Updated: March 24, 2020 12:15 PM EDT | Originally published: March 23, 2020 1:30 PM EDT

As the sun rose over New Delhi on Sunday morning, the megacity’s normally chaotic streets were unusually calm.

Minutes later, at 7 a.m., even those carrying out last-minute errands had dispersed as a nationwide curfew came into force. Billed by Prime Minister Narendra Modi as a “people’s curfew” against coronavirus, the voluntary shutdown lasted for 14 hours until 9 p.m. — leaving markets empty, train stations quiet, and tourist sites actually looking like they do in the photos.

Authorities said the curfew would serve as a test to see how prepared this country of 1.3 billion — the world’s second-most populous nation — was to deal with the pandemic. It was perhaps the world’s largest exercise in voluntary social distancing to date. But two days later, Indians found themselves facing a lockdown that was no longer optional.

On Tuesday night, Prime Minister Narendra Modi announced a total ban on Indians leaving their homes for 21 days, set to come into force at midnight local time, abruptly putting one fifth of the world’s population under lockdown to combat COVID-19. “To save India and every Indian, there will be a total ban on venturing out of your homes,” Modi said. “It is impossible to say the price India will have to pay if irresponsible behavior continues.”

The move followed days of increasing restrictions. On Monday, more than 200 million people were already under lockdown in 75 municipalities and four states. India’s railway service, which until recently carried some 25 million passengers per day, announced trains would cease running until March 31 at the earliest. And airports nationwide were all but deserted after a ban on domestic and incoming international flights came into force late Sunday.

An Indian police officer wearing a mask checks a suburban train before they are locked down in Mumbai, India, on March 23, 2020.
Rafiq Maqbool—AP

With just 469 confirmed cases of COVID-19 and 10 recorded deaths, the outbreak is less advanced in India than it is in much of the rest of the world, where recorded cases have passed 360,000. That could be partially due to India’s warmer climate — although experts say it’s too early to tell. What they do know is that only 15,000 tests had been carried out in India as of Monday, and they are concerned the disease could be spreading undetected in the country’s many densely populated urban areas, threatening to overwhelm the country’s public healthcare system. “I’m deeply worried that there’s a lot of community transmission and we are just not aware of it because there is not widespread testing,” Dr. Ashish Jha, director of the Harvard Global Health Institute, told TIME earlier in March. The numbers, he said, are “just not right.”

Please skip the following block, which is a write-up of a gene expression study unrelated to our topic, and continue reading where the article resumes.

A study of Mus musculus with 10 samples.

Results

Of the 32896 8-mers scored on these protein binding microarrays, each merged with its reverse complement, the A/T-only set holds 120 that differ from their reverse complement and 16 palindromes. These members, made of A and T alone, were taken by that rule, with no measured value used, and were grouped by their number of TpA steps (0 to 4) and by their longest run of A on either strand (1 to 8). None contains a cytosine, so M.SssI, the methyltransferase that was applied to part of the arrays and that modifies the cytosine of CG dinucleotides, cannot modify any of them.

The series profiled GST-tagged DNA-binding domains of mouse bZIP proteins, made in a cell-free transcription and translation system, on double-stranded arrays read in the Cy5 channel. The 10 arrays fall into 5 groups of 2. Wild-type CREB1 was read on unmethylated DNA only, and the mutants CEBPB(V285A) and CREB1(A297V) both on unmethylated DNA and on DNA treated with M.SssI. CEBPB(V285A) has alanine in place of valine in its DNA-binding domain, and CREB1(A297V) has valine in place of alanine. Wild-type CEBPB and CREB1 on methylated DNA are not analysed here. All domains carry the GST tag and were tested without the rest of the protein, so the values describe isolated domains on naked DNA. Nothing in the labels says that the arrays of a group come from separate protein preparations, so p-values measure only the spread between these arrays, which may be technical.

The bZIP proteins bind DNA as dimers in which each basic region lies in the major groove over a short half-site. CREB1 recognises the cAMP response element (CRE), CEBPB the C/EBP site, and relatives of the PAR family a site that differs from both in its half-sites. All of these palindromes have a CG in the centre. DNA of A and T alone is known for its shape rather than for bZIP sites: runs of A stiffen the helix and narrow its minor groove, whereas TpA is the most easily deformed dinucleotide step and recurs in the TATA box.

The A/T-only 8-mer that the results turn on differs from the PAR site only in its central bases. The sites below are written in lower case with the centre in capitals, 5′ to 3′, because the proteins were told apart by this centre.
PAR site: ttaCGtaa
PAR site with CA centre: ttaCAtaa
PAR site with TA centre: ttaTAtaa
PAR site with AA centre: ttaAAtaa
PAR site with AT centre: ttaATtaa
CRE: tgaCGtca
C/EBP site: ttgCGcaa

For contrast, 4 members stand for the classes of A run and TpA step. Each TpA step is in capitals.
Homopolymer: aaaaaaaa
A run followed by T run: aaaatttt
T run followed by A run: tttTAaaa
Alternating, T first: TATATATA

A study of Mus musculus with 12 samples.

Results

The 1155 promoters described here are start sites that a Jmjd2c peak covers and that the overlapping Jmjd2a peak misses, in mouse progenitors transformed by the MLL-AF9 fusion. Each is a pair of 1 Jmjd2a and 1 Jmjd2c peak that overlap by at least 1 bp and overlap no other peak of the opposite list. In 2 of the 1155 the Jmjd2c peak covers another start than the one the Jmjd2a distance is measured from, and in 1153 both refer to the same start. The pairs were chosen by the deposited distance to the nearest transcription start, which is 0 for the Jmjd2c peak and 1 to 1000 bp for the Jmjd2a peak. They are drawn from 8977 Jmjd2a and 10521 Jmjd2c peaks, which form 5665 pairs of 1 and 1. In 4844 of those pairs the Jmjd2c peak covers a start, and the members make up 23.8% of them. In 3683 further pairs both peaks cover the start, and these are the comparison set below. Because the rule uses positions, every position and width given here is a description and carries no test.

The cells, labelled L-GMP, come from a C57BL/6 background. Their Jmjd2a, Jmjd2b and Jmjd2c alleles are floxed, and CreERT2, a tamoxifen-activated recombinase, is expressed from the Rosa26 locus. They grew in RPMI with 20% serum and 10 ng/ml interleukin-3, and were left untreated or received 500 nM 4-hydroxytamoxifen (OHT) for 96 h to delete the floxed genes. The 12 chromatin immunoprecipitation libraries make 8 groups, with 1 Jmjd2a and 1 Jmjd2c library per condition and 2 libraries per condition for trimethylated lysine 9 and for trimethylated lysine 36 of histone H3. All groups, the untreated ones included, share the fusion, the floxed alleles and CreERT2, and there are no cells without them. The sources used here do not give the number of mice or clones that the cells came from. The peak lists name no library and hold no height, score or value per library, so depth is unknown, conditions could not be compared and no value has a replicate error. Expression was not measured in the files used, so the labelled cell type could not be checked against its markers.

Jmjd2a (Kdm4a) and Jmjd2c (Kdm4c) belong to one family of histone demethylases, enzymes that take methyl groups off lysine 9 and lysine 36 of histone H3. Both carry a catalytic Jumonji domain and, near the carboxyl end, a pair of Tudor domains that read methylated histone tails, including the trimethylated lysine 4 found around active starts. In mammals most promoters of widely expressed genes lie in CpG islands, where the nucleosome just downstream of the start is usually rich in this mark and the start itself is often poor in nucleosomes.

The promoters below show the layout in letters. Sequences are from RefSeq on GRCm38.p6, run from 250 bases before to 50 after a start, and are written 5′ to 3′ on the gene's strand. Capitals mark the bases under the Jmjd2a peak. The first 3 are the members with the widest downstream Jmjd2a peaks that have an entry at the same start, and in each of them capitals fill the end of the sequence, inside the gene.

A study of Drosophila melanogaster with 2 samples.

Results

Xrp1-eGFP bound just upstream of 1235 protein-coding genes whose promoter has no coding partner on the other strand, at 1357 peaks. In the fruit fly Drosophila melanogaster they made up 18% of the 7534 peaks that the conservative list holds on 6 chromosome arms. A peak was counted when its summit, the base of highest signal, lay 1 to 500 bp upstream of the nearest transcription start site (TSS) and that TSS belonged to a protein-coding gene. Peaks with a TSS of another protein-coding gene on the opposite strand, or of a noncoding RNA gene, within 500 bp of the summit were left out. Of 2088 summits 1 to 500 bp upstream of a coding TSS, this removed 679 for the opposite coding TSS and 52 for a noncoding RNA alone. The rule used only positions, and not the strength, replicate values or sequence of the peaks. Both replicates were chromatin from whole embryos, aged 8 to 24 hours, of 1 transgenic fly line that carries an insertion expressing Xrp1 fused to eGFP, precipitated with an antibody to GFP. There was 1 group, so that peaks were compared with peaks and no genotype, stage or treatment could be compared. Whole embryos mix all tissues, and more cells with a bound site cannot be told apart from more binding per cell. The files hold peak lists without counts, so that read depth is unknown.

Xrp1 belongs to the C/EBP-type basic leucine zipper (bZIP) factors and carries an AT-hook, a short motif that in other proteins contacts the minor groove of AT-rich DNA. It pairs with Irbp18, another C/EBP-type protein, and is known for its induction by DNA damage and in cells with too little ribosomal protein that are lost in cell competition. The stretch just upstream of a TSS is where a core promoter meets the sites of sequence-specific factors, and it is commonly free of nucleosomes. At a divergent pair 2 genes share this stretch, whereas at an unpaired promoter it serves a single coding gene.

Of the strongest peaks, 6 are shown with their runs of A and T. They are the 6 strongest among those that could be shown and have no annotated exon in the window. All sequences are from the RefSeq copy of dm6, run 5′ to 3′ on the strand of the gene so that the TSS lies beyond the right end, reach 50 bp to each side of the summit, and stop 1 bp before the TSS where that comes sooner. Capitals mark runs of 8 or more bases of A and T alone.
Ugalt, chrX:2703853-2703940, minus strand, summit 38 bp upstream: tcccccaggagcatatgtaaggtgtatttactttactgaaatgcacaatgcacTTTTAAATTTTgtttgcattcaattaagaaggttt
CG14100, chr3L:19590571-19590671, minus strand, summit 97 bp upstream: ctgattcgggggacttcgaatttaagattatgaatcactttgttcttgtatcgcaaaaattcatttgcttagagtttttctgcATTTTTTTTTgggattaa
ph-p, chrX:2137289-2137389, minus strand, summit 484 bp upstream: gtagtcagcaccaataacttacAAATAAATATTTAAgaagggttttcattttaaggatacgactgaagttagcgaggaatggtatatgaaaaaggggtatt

People clap from balconies in show of appreciation to health care workers at a chawl in Mumbai, India, on March 22, 2020.
Rafiq Maqbool—AP

Those attitudes might change with time as public health information campaigns gather steam. Ahead of all phone calls, Indians now hear the sound of a person coughing — followed by a prerecorded message telling them to sneeze into a handkerchief, wash their hands and keep their distance from people who are showing symptoms. But concerns remain for the millions of Indians living in cramped urban slums where social distancing is unfeasible and hygiene facilities are already poor. India has just one hospital bed per 2,000 citizens, far below the World Health Organization’s recommendation of 20.

Late on Sunday, as the voluntary curfew came to an end, Modi urged Indians to prepare for a long haul. “Janata curfew [People’s curfew] will end at 9pm but it doesn’t mean we should start celebrating,” he said. “It’s the beginning of a long battle. People shouldn’t come out of houses in states which have announced a lockdown. In the rest of the states, if it isn’t very important, don’t come out of your houses.”

Please send any tips, leads, and stories to virus@time.com.

Write to Billy Perrigo at billy.perrigo@time.com.